Reading

Medieval Queens Book Tag

Catherine from Based on the Book tagged me for this historical tag weeks ago, possibly months. I thought this was a fun take on tags, but I was less than inspired in my answers. I really need to not read in such predictable patterns, at least on occasion.

Empress Matilda (1102-1167)
After her father, Henry I, died naming her his heir, Matilda’s cousin, Stephen, subsequently took the throne for himself. Matilda never stopped fighting for what was rightfully hers. Though she would never be named Queen of England in her own right, she was able to convince Stephen to name her son, the future Henry II, his successor over his own children. Choose a book with a protagonist who stands their ground. 

Swift and Nomad by R.J. Anderson, Ivy stands her ground to discover her mother and the truth about her world, actually all the protagonists in the first series (Faery Rebels) do as well.

Eleanor of Aquitaine (1122-1204)
Before she married Henry II and became Queen of England in 1152, Eleanor was Queen of France as the wife of Louis VII. She sought an annulment from her marriage to Louis and he eventually agreed because 15 years of marriage had produced no sons, only for Eleanor to go on to have eight children with Henry—five of whom were sons. Ouch!
Choose a book or series in which the heroine has more than one romantic relationship.

I was trying to think of one that wasn’t super basic YA like the Hunger Games or Twilight. Or a sort of perfunctory rite of passage before the best guy friend realization such as in the L.M. Montgomery novels. There is the realistic, yet boring and sad option of books like Hannah Coulter where her first love is killed in war.

Eleanor of Castile (1241-1290)
A keen patron of literature and a successful businesswoman in her own right, Eleanor was Edward I’s first wife. He was so heartbroken when she died that he erected the Eleanor Crosses, 12 stone crosses marking the places where her body rested over night on its journey from Lincolnshire, where she died, to her burial place in London. Three of the crosses still survive today.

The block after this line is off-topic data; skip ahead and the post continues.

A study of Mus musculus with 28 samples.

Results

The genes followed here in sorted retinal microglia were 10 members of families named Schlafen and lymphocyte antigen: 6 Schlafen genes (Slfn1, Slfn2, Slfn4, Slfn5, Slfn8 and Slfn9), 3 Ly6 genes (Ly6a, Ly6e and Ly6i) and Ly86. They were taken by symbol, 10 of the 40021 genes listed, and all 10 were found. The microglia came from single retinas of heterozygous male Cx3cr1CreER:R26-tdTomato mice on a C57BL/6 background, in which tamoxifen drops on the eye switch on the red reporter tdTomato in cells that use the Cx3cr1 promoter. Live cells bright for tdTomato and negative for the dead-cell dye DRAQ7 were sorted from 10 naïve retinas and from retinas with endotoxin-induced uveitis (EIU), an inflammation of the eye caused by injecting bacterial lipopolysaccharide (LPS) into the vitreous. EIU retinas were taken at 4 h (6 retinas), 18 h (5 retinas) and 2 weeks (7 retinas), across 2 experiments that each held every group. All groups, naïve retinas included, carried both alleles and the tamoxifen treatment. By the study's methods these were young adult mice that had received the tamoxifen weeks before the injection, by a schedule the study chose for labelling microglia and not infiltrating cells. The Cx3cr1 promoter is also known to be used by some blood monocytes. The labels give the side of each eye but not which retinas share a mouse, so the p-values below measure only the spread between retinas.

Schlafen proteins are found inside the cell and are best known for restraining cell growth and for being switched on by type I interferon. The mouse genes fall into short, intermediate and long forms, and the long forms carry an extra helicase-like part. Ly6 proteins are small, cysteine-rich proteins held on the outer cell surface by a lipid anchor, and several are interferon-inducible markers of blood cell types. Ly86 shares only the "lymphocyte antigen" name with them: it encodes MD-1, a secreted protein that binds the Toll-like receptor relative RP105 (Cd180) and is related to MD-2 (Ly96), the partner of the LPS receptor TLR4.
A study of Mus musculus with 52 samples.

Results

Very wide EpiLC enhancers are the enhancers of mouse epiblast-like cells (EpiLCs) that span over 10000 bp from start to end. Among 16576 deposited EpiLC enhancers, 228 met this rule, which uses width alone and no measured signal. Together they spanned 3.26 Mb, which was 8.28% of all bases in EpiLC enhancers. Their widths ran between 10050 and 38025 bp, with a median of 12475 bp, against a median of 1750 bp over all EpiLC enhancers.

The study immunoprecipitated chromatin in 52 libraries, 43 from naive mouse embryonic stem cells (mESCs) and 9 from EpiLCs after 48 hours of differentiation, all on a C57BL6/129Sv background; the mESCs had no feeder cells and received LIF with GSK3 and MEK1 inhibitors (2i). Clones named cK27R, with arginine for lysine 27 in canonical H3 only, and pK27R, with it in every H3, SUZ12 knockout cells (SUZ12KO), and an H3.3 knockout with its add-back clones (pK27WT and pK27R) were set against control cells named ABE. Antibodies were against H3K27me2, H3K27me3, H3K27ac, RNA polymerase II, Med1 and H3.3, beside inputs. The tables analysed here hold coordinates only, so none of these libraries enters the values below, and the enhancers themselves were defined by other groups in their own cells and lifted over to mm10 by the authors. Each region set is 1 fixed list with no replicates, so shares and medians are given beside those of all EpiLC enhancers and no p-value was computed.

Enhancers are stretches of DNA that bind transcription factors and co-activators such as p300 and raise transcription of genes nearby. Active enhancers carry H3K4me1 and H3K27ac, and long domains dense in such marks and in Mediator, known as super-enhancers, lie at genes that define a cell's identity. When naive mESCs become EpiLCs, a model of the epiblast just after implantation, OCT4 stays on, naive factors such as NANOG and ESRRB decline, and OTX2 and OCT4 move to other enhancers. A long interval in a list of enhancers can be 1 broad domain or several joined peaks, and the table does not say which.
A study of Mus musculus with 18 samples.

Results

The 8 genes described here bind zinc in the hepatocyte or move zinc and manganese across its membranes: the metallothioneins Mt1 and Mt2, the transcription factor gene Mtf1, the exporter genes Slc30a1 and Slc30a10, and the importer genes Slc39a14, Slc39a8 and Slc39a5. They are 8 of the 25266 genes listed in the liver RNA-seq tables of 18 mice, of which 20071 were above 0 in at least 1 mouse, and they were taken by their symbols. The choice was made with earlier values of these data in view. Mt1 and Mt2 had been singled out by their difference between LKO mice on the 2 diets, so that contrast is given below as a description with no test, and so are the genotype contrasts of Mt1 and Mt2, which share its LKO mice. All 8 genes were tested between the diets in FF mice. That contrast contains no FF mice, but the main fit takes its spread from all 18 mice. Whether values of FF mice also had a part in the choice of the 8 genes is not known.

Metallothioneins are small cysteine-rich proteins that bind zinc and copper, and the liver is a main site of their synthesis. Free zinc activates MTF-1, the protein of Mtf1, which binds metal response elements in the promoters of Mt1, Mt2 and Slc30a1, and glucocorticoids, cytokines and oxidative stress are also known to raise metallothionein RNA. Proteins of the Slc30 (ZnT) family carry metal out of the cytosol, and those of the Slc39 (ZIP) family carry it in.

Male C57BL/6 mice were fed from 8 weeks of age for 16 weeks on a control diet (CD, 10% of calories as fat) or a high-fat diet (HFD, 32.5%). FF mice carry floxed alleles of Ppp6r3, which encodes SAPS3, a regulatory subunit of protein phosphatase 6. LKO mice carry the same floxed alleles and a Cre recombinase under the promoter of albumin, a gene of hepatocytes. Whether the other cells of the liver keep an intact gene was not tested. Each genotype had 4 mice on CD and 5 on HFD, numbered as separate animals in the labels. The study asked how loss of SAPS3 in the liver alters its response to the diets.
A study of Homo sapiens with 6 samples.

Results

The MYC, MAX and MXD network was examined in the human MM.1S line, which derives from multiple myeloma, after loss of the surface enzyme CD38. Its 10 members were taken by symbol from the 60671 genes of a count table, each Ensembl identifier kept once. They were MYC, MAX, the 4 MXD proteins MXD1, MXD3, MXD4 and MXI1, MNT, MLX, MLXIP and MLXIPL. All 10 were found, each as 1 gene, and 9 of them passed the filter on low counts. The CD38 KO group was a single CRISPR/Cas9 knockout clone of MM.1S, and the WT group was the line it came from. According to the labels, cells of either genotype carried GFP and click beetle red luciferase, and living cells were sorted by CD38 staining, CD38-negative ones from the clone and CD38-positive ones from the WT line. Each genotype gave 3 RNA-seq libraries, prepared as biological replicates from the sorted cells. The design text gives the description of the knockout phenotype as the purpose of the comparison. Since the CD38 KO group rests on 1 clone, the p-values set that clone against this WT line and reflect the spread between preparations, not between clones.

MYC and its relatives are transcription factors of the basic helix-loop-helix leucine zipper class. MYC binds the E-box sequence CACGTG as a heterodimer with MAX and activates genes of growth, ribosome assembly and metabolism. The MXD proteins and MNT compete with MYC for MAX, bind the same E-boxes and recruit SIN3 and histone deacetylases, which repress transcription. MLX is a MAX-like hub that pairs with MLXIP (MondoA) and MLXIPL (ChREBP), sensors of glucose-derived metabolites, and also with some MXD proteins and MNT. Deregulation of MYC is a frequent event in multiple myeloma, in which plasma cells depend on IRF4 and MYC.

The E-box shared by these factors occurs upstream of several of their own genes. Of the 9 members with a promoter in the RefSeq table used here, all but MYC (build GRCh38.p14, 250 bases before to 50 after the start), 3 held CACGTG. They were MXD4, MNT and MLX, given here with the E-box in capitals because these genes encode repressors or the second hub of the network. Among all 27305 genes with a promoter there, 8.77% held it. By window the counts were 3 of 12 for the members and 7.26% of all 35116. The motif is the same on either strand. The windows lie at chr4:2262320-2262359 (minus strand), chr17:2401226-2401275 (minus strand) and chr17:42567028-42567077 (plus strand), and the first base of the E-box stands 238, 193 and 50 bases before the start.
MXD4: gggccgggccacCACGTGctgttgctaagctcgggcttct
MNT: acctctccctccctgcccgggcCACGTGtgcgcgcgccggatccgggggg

Choose a bittersweet book.

Rilla of Ingleside.  The youngest of Anne Shirley Blythe’s daughters comes of age in PEI during WWI and watches all three brothers, her suitor, and two close childhood neighbor friends among many other go to war, and one doesn’t come back.

Isabella of France (1295-1358)
Often known as the ‘She-Wolf of France’, Isabella was Edward II’s wife. Unfortunately for Edward he wasn’t particularly good at being king, and Isabella soon grew tired of his (possibly homosexual) relationship with his favourite, Hugh Despenser. After she began an affair with English nobleman Roger Mortimer while on a diplomatic mission to France, the pair returned to England with an army and she deposed Edward and acted as regent until their son, the future Edward III, came of age.
Choose a book where the romance overtook the plot.

Scarlet by Marissa Meyer. This was my least favorite of the Lunar chronicles proper. Wolf and Scarlet were SO gross. Actually, their romance gets grosser. And their plot was the most boring, scary, yet boring scary.

Philippa of Hainault (1310/15-1369)
Queen of England as the wife of Edward III, Philippa was beloved by the English people for her compassion and kindness. The Queen’s College, Oxford, founded in 1341, is named in her honour, so
Choose a book set at a university.

Gaudy Night by Dorothy Sayers. This is a Lord Peter Wimsey novel but the novel is from Harriet Vane’s perspective. It involves the climax of the Peter Wimsey Harriet Vane romance, it’s also I think the only mystery that doesn’t involve a murder, although two are attempted, the investigation doesn’t start because of murder. It takes place in the first women’s college at Oxford, I believe.

Joan of Navarre (1368-1437)
Joan was Henry IV’s second wife. Six years after his death, Joan was accused of attempting to poison her stepson, Henry V, through witchcraft and was imprisoned for four years until he ordered her release, just six weeks before he suddenly died.
Choose a book about witches.

Most of the books I read with magic have people who are faeries or enchantresses, but witches tend to be in either very popular books (Harry Potter and The Witch of Blackbird Pond) or the evil counterparts. Catherine mentioned the lesser known ones by Diana Wynne Jones. I can’t think of any others.

 

Anyone who is interested, consider yourself tagged.